A rooftop garden, a wellness hub and a working environment tailored for comfort – these are all things you might enjoy if employed in a well-accredited building, as notions of sustainable design broaden.
A RATING standard developed in the US that is a performance-based system for measuring, certifying and monitoring features of buildings that impact the health and wellbeing of occupants is gaining traction globally. It advances notions of building sustainability by adding attributes such as good nutrition, physical activity and mental health to benefit those actually working in a building.
Going beyond sustainability
The WELL Building Standard, administered by the International WELL Building Institute, has been or is being implemented in 200 projects in 14 countries, with seven in Australia.
In March 2016, the Green Building Council of Australia (GBCA) partnered with the International WELL Building Institute to promote health and wellbeing in the design, construction and operations of buildings in Australia.
The agreement aligns the Australia’s Green Star sustainability rating with WELL in the same way the standard aligns with LEED in the US and BREEAM in the UK.
‘Increasingly, Australians recognise that our buildings have a dramatic impact on our health and wellbeing,’ said Romilly Madew, GBCA Chief Executive. ‘This partnership is an important step towards designing and building places that are sustainable, productive and healthy.
‘A truly sustainable building not only addresses environmental impact but social and economic impact too. Green Star’s focus on indoor environmental quality provides a critical foundation for human health and wellbeing.
‘WELL enhances this through its dedicated focus on evidence-based medical and scientific research and measurable performance.’
Seven wellbeing concepts
The WELL Building Standard encompasses seven health and wellbeing concepts:
- Water quality – safe and clean water.
- Nourishment – making fresh, wholesome foods available.
- Light quality – providing lighting that minimises disruption to the circadian system, enhances productivity and supports good sleep quality.
- Fitness – encouraging physical activity.
- Comfort – optimising thermal, acoustic, ergonomic and olfactory comfort indoors.
- Mind – optimising mental and emotional health through design, technology and strategies such as mindfulness training.
From chickens on the roof to wellness hub
Banking company Macquarie Group was the first Australian company to pursue a WELL certification with the refurbishment of it Sydney headquarters in Martin Place in 2016.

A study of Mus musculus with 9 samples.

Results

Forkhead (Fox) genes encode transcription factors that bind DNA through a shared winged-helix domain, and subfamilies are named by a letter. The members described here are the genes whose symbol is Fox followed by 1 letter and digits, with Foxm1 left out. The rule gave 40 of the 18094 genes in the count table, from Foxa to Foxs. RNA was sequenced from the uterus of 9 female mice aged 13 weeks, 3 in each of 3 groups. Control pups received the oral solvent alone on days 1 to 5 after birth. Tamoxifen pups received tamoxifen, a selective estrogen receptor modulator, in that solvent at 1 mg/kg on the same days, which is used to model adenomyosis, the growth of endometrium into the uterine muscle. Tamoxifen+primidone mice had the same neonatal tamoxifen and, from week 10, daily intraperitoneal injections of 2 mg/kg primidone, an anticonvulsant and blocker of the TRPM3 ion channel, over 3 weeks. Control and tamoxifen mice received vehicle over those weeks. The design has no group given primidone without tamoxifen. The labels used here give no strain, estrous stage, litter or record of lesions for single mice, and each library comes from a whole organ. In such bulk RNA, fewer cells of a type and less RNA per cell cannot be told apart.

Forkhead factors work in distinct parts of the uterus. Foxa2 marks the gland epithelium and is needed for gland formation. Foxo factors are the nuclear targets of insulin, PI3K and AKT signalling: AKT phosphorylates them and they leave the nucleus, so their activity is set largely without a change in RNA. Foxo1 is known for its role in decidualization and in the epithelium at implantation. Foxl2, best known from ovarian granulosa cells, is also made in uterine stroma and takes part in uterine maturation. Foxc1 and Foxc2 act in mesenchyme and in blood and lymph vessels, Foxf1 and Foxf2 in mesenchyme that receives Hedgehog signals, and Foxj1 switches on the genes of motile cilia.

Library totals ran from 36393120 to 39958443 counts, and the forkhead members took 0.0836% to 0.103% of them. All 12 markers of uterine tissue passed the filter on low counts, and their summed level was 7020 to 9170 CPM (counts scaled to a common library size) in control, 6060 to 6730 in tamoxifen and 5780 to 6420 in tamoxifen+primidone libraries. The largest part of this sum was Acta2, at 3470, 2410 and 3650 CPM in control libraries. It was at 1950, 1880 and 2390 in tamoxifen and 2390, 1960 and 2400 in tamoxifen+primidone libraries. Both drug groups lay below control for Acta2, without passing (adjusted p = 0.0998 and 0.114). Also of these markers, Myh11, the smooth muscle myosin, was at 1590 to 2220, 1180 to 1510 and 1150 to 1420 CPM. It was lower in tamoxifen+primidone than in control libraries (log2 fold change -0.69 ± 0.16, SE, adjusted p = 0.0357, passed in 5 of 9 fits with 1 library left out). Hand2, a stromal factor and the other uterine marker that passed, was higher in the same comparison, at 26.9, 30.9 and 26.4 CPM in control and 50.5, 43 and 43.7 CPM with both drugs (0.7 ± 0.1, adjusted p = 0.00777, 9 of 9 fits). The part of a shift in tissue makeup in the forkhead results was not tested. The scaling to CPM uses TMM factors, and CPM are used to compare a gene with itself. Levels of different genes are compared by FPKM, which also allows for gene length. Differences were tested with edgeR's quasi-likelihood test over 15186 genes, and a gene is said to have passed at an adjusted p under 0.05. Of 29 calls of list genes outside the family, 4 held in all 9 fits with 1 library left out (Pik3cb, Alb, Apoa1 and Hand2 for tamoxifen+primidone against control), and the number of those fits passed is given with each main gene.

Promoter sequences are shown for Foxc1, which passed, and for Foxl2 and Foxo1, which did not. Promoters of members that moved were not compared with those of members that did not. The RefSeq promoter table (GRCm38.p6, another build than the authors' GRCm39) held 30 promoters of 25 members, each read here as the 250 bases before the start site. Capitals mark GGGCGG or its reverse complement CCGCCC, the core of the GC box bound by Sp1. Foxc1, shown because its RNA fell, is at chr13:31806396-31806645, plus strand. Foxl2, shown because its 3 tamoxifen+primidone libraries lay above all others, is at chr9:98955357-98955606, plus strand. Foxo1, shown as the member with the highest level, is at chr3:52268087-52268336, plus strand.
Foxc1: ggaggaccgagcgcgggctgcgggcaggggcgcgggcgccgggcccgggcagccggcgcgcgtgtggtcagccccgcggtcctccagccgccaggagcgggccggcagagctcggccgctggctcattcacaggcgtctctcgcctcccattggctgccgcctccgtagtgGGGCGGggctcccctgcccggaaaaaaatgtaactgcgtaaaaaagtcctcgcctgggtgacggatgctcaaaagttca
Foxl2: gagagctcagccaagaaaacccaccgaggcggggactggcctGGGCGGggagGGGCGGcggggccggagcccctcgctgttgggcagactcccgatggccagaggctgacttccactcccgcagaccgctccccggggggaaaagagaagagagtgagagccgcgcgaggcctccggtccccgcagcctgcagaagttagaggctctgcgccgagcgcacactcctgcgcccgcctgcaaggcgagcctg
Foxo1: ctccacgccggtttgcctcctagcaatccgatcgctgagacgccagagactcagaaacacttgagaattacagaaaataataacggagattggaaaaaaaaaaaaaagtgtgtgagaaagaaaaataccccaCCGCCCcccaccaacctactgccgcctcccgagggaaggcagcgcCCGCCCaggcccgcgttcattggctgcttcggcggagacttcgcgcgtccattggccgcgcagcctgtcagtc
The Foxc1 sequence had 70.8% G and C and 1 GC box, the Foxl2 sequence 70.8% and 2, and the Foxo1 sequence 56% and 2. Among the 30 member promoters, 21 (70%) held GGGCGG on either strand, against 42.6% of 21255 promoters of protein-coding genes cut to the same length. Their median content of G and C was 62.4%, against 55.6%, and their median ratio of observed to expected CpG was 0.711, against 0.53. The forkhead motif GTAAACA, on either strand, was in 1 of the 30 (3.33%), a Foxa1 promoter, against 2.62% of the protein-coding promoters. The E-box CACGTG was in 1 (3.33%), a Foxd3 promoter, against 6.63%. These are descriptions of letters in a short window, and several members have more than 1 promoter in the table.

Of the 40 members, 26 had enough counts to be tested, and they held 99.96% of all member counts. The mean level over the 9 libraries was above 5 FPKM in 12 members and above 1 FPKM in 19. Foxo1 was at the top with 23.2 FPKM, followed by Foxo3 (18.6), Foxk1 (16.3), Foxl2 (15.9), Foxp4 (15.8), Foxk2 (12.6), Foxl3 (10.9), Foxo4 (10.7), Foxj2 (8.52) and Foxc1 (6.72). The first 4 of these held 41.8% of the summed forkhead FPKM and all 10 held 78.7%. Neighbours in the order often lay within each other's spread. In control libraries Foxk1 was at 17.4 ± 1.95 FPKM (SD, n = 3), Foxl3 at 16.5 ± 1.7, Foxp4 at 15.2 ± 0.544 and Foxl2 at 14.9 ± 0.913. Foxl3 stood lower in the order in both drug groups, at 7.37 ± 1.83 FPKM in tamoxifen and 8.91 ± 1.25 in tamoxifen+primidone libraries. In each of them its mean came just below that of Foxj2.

Food served in the building’s café has a low sugar content. There are yoga and music rooms, fitness facilities, mindfulness training programmes, a choir and a roof garden with chickens, beehives and vegetables.
Meanwhile, Lendlease’s 6 Star Green Star new global headquarters at Barangaroo in Sydney has a wellness hub. Geoff Dutaillis, Lendlease Group Head of Sustainability, said this contributes to achieving WELL Building Standard certification. ‘It demonstrates our commitment to elevating human health and wellness to the forefront of built environment practices.’
The wellness hub supports the concepts of fitness, mind and comfort in the WELL Building Standard, using design and place activation complemented by policies and a programme of activities and events.
Emerging interest in New Zealand
Sam Archer, Director of Market Transformation at the New Zealand Green Building Council (NZGBC), says there is an emerging interest in the concept of occupant health and wellbeing as an integral part of a sustainable building. ‘We see the wellbeing discussion as part of a wider discussion on the importance of placing people at the forefront of sustainable buildings rather than concentrating purely on environmental performance – energy and water.’
He says that NZGBC is hearing of interest in WELL by some New Zealand offices currently in design. ‘No doubt WELL will appear in New Zealand at some point in the next few years, and we support its use here.
‘Our rating tool for new commercial buildings, Green Star, already incorporates many aspects of wellness such as good daylight and air. For that reason, GBCA has entered into an agreement with the WELL Institute whereby they will cross-credit similar performance under Green Star. NZGBC is likely to follow suit.’
Articles are correct at the time of publication but may have since become outdated.